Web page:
Discussion in 'Technique' started by Anonymous, Jan 28, 2007.

  1. Anonymous

    Anonymous Guest

    Hello can I avoid from studying or playing pieces of Hanon or Czerny? And by the way, are they useful?

    In my opinion Bach's inventions or sinfonias contains many useful technical works but of course they sound great! I think to play Bach for technical work instead Hanon or Czerny is better.

    Your opinions?

    :?:

    .........................................................
     
  2. rachmaninoff

    rachmaninoff New Member Piano Society Artist

     
  3. Anonymous

    Anonymous Guest

    so what does Chang Hong's Bk of Fundamentals of Piano...say?

    So if you have read this book, I don't know why he suggests that you don't play any czerny or hanon?

    first of all is his book all right or completely right?
     
  4. juufa72

    juufa72 New Member Piano Society Artist


    Hannon isn't worth your while. 80% of the exercises are in the same key.

    If you had to pick one go with Czerny.
     
  5. rachmaninoff

    rachmaninoff New Member Piano Society Artist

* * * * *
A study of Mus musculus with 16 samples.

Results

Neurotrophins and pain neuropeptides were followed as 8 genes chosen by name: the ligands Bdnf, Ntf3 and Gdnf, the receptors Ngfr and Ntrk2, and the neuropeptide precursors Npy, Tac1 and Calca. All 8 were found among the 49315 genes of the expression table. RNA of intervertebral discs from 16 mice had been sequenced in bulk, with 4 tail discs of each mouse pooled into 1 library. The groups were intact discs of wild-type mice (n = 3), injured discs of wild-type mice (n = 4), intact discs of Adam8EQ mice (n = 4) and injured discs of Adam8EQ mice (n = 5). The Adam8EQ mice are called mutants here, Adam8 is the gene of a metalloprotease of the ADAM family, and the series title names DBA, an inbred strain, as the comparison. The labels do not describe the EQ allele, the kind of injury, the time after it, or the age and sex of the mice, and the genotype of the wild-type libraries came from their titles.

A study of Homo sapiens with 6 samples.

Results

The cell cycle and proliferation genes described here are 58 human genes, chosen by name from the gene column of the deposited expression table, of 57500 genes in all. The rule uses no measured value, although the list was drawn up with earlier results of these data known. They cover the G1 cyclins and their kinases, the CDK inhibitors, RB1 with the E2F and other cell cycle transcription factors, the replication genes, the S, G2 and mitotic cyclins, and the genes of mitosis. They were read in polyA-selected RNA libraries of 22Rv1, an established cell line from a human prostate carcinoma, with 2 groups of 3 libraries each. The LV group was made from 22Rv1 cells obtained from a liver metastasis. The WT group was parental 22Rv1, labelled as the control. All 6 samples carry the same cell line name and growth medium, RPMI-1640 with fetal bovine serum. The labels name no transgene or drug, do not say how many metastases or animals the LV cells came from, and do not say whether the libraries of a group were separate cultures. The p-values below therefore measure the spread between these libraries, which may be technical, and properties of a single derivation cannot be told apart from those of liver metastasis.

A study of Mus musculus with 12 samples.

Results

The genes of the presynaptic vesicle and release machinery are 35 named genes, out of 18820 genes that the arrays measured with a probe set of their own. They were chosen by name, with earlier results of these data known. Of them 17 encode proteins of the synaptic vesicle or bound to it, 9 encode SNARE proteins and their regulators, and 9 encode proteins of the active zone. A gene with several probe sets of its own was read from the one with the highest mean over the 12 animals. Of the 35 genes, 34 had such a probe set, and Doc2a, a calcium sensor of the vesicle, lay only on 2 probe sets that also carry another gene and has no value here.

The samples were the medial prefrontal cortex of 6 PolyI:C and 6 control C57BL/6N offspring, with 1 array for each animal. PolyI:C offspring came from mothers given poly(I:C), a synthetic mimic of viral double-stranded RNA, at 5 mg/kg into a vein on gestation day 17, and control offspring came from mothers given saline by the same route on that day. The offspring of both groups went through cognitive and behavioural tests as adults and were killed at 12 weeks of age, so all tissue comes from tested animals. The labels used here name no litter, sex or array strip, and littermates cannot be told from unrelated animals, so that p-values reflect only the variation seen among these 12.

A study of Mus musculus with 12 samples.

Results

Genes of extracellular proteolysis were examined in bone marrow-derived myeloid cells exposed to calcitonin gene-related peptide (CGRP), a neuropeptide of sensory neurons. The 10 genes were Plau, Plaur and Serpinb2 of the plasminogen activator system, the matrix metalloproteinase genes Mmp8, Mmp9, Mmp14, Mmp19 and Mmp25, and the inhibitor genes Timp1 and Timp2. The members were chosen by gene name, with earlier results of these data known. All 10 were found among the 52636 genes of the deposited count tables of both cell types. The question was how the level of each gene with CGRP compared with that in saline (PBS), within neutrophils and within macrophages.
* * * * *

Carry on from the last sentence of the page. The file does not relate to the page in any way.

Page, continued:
6. PJF

    PJF New Member Piano Society Artist


    If I encounter technical trouble, first I identify the problem, then (before I resort to Hanon), I fix it by finding a piece that addresses that problem throughout. Here's an example.

    Problem: Repeditive octaves in Schubert's "Erlking" cause cramps in the arm.
    Solution: Chopin's etude opus 25, No.10 (learned in part or in its entirety)

    The "Erlking" won't seem so hard anymore, because you have learned lessons in octave technique from the Chopin etude. This is not the only solution. Hanon's repeditive octave exersise could also be very effective.

    Pete
     
  7. MindenBlues

    MindenBlues New Member Piano Society Artist

     
  8. PJF

    PJF New Member Piano Society Artist

     
  9. hunwoo

    hunwoo New Member

    You can avoid them if you want because I never played Czerny either (I played Hanon though)
    But I much prefer Bach inventions and sinfonias :D
     
  10. RichNocturne

    RichNocturne New Member Piano Society Artist


    In my experience with the Hanon, they're good exercieses to warm up with before playing other pieces...but it depends on which Hanon book you have...the Complete Hanon has some incredibly good exercises in the end that will definately prepare anyone for the Chopin 3rd and Octaves etude. Other than that, I like doing the Hanon as just warmups instead of scales...they're more interesting to me.